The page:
Union Minister of Environment, Forest and Climate Change Prakash Javadekar recently announced the Centre’s goal of bringing cheetahs back to India. Nearly 70 years after the cheetah was declared locally extinct, India will receive its first batch of the large cats from Africa by the end of 2021. Within a week’s time, two expert teams — one from Namibia and the other from South Africa — the two countries with the highest cheetah populations in the world, will arrive to train Indian forest officers and wildlife experts on handling, breeding, rehabilitation, medical treatment and conservation of the animals. This is the first time in the world that a large carnivore will be relocated from one continent to another. While the current relocation attempt began in 2009, it is only last year that the Supreme Court gave the green signal to the Centre.
The animal is believed to have disappeared from India when Maharaja Ramanuj Pratap Singh Deo of Koriya hunted and shot the last three recorded Asiatic cheetahs in India in 1947. It was declared extinct by the government in 1952. Excessive hunting, trafficking and a decline in forest are said to be the main reasons for India not having any cheetahs for 70 years.
An expert committee set up by the Ministry of Environment, Forests and Climate Change under the chairmanship of Wildlife Trust of India board member and former Director Wildlife of the Indian Government, Dr M K Ranjitsinh, along with members of the Wildlife Institute of India, WWF, NTCA and officials from the Centre and states, have completed an assessment of the sites for relocation. Six sites, which had previously been assessed in 2010, have now been re-assessed by WII — Mukundara Hills Tiger Reserve and Shergarh Wildlife Sanctuary in Rajasthan and Gandhi Sagar Wildlife Sanctuary, Kuno National Park, Madhav National Park and Nauradehi Wildlife Sanctuary in Madhya Pradesh. Out of them only Kuno National Park has been deemed ready so far, owing to it being observed since 2006. The park was also chosen for relocating the Asiatic Lion since both animals share the same habitat.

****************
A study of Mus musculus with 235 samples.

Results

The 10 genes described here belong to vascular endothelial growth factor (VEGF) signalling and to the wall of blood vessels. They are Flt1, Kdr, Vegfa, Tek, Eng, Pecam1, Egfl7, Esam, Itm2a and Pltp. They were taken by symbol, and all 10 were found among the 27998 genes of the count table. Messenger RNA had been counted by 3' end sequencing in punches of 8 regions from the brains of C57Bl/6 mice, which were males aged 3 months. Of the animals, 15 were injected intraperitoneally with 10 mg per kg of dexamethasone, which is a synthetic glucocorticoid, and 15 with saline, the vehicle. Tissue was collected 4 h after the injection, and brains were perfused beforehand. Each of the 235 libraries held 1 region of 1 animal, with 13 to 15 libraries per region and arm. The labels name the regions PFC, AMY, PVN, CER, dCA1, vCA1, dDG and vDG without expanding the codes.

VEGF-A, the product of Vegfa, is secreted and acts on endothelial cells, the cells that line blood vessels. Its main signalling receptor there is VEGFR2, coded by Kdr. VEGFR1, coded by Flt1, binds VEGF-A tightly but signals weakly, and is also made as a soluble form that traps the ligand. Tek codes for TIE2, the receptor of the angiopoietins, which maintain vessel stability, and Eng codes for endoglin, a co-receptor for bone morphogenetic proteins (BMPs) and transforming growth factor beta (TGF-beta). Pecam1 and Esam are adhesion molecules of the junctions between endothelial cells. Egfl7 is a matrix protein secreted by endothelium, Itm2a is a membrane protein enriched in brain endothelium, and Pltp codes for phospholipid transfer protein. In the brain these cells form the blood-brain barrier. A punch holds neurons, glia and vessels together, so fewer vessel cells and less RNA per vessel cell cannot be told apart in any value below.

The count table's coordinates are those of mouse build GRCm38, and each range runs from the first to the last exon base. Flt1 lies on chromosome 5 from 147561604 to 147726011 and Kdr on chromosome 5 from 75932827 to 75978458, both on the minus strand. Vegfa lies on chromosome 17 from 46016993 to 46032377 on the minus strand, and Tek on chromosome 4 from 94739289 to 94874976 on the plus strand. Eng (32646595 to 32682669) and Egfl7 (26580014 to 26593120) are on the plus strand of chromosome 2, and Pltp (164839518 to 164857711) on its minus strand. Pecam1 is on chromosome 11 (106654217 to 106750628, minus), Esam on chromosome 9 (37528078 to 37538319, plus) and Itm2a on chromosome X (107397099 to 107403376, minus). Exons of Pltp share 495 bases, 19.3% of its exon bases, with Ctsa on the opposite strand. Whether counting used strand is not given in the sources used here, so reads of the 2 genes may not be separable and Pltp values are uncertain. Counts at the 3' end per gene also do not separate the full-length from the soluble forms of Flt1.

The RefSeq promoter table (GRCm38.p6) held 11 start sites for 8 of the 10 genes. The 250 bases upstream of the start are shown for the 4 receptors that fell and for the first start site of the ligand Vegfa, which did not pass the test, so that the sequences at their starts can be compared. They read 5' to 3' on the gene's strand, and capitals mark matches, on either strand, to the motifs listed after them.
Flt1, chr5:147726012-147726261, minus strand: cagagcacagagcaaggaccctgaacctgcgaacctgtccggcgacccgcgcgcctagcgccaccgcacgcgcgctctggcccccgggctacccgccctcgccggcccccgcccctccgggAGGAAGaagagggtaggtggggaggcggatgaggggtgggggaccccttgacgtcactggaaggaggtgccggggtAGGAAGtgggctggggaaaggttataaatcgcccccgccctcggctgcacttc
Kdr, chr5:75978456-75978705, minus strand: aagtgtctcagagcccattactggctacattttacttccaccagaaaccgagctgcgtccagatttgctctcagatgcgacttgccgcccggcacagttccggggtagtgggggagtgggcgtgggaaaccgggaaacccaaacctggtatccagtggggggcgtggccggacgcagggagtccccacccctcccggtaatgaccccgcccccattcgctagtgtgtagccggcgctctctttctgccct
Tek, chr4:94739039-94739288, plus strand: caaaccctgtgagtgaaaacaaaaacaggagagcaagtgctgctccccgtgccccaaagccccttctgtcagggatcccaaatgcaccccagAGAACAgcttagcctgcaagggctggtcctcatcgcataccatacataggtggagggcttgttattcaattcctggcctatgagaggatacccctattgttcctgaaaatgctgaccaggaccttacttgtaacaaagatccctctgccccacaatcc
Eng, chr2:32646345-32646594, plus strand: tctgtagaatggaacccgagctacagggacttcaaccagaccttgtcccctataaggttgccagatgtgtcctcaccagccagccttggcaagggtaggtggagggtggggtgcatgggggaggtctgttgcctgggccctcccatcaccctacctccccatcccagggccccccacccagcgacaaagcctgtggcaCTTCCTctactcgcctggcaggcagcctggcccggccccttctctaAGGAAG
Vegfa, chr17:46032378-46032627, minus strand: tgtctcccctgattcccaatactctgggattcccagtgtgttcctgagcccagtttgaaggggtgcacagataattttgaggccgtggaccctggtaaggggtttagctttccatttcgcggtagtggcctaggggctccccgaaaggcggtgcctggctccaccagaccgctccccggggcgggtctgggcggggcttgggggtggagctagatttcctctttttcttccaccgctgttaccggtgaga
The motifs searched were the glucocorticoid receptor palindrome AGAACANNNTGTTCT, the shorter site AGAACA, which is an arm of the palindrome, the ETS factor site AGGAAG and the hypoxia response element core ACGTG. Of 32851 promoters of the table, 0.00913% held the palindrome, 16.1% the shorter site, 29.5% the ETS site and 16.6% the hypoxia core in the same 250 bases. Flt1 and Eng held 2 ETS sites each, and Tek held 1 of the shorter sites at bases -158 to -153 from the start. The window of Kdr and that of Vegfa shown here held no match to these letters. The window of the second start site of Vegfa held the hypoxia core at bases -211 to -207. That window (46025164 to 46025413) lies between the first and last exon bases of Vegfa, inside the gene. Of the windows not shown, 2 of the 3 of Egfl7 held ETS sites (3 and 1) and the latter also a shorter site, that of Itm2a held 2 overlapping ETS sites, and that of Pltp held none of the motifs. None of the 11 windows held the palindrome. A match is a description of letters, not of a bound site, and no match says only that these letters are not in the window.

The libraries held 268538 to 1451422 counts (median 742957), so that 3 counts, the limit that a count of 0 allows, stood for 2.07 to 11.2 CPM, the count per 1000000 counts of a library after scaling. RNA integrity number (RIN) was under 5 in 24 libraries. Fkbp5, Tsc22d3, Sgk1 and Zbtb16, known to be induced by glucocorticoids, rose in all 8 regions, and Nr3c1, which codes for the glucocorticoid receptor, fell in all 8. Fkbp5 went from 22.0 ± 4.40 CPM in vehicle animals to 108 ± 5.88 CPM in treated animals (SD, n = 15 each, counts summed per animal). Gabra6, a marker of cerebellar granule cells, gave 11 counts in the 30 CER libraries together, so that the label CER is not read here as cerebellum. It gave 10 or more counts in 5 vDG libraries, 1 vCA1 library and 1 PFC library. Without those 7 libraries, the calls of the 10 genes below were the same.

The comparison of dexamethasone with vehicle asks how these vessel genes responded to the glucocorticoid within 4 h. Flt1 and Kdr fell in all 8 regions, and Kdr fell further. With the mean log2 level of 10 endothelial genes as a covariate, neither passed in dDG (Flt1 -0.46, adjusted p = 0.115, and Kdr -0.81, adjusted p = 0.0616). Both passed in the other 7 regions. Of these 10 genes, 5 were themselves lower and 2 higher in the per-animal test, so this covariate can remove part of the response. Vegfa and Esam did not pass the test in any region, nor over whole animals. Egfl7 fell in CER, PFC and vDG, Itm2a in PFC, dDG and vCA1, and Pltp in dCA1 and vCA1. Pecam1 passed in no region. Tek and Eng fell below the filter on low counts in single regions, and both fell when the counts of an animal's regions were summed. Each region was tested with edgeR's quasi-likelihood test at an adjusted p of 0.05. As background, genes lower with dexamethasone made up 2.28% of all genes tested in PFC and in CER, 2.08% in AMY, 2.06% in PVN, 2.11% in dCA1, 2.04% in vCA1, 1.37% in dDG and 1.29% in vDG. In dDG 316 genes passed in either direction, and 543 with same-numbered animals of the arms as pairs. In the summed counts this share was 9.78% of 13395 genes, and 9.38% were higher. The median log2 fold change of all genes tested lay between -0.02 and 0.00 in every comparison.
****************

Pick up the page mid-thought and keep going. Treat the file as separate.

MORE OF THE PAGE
Dean and expert committee member of the Wildlife Institute of India (WII), Dr Y V Jhala, said, “While there was never any problem with cheetahs and lions sharing the same space, the Supreme Court felt at the time this was not conducive to the lion. The court had instructed that the lion be introduced at Kuno in 2013; that is yet to happen. Last year, the Supreme Court gave the go ahead to introduce cheetahs here. But one site is not enough for a healthy population of cheetahs in the country. So, we will upgrade the other identified sites, which have conducive habitats, so it can be introduced in four-five places at least over the coming five or six years. But this year, we will relocate eight cheetahs to Kuno to begin with. The idea is to relocate 35-40 cheetahs across the identified sites.”